Utthita Hasta Padangusthasana: Extended Hand to Toe Pose
Utthita hasta padangusthasana (oo-TEET-uh HAWS-tuh POD-ung-goos-THAWS-un-nuh), also known as extended hand-to-toe pose, is a challenging and invigorating posture that stretches and strengthens while calming the mind and improving focus.
- Start standing with your hands on your hips. Draw your left knee in towards your belly and interlace your fingertips in front of your shin. Level your hips so they are equidistant from the ground. Pause here for a breath.
- Reach your left hand on the inside of your left knee and take hold of your big toe with your first and second fingers. Stay here, or lengthen your spine and extend your foot forward any amount.
- Hold for 3-5 breaths and release back to standing. Repeat on the other side.
- For help with balance, try this pose with your free hand against a wall.
- Keep the knee on your extended leg bent, or wrap a strap around your foot and take hold of the strap.
- Option to extend your foot out to the side, and opposite arm out to the other side. Keep your shoulders level and relaxed away from the ears.
- Utthita = extended
- Hasta = hand
- Pada = foot
- Angustha = big toe
- Asana = pose
- Stretches hamstrings and hips.
- Stretches the inner leg line (adductors).
- Strengthens the back and arm muscles.
- Improves sense of balance.
- Calms the mind and improves focus.
- Reclined hand to toe pose | Supta padangusthasana
- Monkey lunge | Anjanayasana
- Half splits | Ardha hanumanasana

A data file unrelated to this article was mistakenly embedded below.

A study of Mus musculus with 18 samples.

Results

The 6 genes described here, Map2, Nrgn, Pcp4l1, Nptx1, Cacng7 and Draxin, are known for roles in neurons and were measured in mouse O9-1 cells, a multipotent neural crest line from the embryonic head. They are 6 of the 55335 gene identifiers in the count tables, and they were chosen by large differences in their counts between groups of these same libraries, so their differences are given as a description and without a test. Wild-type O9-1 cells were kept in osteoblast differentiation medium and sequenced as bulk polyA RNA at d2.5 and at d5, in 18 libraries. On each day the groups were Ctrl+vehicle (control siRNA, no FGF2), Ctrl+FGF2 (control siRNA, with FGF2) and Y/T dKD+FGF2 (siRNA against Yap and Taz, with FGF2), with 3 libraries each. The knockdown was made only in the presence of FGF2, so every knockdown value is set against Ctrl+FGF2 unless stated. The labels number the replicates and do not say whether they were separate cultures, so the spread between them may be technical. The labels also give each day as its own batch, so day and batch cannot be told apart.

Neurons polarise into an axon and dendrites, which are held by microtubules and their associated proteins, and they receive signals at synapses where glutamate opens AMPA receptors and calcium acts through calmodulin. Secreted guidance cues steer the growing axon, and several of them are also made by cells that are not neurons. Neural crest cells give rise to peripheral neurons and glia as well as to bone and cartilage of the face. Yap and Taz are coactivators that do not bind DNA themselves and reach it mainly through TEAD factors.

- Dancing Shiva pose | Parivrtta hasta padagusthasana
- Front splits | Hanumanasana
- Downward-facing dog | Adho mukha svanasana
Parsvottanasana: Intense Side Stretch Pose
From lengthening the spine to stretching the legs to calming the mind, there’s a little bit of everything in parsvottanasana (parsh-voh-tahn-AHS-ah-nah) Also known as intense side stretch pose or pyramid pose, this shape is helpful for finding balance while stretching hamstrings.
Parsvottanasana requires a combination of flexibility, strength, and patience. With the help of props such as blocks or a wall, the\is pose becomes accessible for everyone.
- Blocks: Place hands on blocks to help keep the torso long.
- Wall: Place hands on a wall in front of you to work on strengthening the muscles of the back.
- Heart opening variation: Take the hands in reverse prayer position behind the back to stretch and open your shoulders and chest while also challenging your balance. If reverse prayer isn’t accessible, you can still bring the arms behind the back, reaching for opposite elbows instead.
- Adjust your stance: If the back heel is lifted off of the floor, shorten the stance so you can push through the heel to activate the back leg. For more stability, widen your stance.